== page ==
A former police officer who was on the front line of the Manchester Arena bombings is nearing the end of his mission to personally memorialise the victims who died in the attacks.
Aaron Parmer, who is now a firefighter, is running 22 10 kilometre races, each dedicated to the people who died in the terror attacks on May 22, 2017 after an Ariana Grande concert.
Mr Parmer, 33, said he still speaks to the family of one of the victims, Phillip Tron, every day and wanted to do something that would let all the families know they were still in people’s minds.
“(The emergency services) really feel for them as much as we did at the time,” he said.
Mr Tron, 32, was waiting in the arena's foyer for his step daughter, Courtney Boyle, when the bombs went off. Both died in the attacks.
Mr Parmer, who had been called in to help cordon off the arena, said he was one of the officers called on to support the Tron family in the aftermath.
“We spent a lot of time with the Tron family while they were going through the worst time of their lives.” he said.
Happy 16th birthday to Nell Jones. Coincidentally Nell was my 16th Race and my current PB sub 45 @ 44:39. Keep Nell, her family and friends in your thoughts today and could all my followers show your support for @RememberingNell give them a follow. #16NellJones pic.twitter.com/FOWJfa0uFb— FF Aaron Lee (@aaronlp1)April 16, 2019
“As much as we were there as police officers you couldn't quite help but be emotionally involved and it was just awful.
“They're a really, really nice family so it's very easy to start bonding and you're there to do absolutely anything that you can to make them feel better or to try and ease a bit of the burden that they were going through.”
Mr Parmer said it was a conversation with Phillip’s mother, June, that motivated him to realise his childhood dream of becoming a firefighter.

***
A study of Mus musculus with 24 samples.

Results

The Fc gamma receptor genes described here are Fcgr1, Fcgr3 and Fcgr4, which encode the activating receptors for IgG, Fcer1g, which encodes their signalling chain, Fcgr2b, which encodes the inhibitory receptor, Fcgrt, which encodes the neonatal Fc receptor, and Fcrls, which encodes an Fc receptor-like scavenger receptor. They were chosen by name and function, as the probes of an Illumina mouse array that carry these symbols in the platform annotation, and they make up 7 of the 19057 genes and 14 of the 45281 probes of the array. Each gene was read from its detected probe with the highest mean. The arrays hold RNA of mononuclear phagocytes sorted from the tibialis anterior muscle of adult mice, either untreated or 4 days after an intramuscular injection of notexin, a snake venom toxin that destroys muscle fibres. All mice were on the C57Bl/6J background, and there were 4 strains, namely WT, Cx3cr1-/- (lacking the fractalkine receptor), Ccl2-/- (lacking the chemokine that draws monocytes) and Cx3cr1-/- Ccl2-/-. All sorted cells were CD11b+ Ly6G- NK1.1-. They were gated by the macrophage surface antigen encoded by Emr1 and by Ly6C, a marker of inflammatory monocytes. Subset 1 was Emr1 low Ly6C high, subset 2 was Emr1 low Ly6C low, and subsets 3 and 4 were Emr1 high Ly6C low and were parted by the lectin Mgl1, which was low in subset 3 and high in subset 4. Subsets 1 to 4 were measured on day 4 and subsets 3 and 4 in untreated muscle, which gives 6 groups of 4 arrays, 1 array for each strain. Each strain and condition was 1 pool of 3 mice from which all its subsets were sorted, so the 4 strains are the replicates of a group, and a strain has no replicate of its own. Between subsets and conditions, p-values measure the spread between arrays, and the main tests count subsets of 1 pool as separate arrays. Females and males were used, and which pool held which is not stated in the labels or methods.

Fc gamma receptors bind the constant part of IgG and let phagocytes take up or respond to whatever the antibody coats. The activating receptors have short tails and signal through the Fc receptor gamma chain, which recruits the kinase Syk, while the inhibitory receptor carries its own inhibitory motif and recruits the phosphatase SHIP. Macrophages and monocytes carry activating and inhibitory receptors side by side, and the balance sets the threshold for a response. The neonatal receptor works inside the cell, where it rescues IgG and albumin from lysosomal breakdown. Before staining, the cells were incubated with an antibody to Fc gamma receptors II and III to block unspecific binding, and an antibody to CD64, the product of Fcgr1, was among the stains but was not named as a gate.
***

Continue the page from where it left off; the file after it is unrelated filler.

“She said ‘look at what's happened to us, life's too short’.”
He said that in September last year, after seeing posts from Mr Tron’s family on Facebook about how much he was missed, Mr Parmer decided to undertake a challenge that would pay tribute to the victims.
“A lot of their posts are about Phillip and how much they miss him and how much it's hurting them.
“I saw that and your heart just goes out to them as it did at the time.”
Mr Parmer said he decided on running the races because it would give him an opportunity to connect with the families and he could give the finishers medal to each of the families.
After running one race nearly every week since September, Mr Parmer has three left - one for Wendy Fawell on April 25, one for Eilidh MacLeod on May 12, and the final race for the attack’s youngest victim, eight-year-old Saffie Rousso, on May 19, days before the two year anniversary.
“Saffie is one that I think about quite a lot just given her age and how beautiful she was,” Mr Parmer said.
“I just relate to Saffie because I've got a young child myself so I've left Saffie's race to last to keep me motivated and focused and the last race I'm actually running it in my full firefighter uniform.”
For the record I’m not this child’s grandad it’s the other guy 👈🏼🤣! A pleasure and an honour to be able to run with Chloe’s dad mark. I’m very grateful to have met this family, I adore them all and to hear them say they class me as family now well...no words 😶 @chloeandliam24t pic.twitter.com/vDXq0wt1KW— FF Aaron Lee (@aaronlp1)April 15, 2019
He added that the races have given him the opportunity to bond with the other families and raise more than £12,000 through JustGiving to support the victims.
“The families have shared stories about what they were like with me, some funny, some sad some happy and it's been nice for me,” he said.
“I feel really humble that I've been allowed to do this and learnt a lot more about what has happened and people involved.”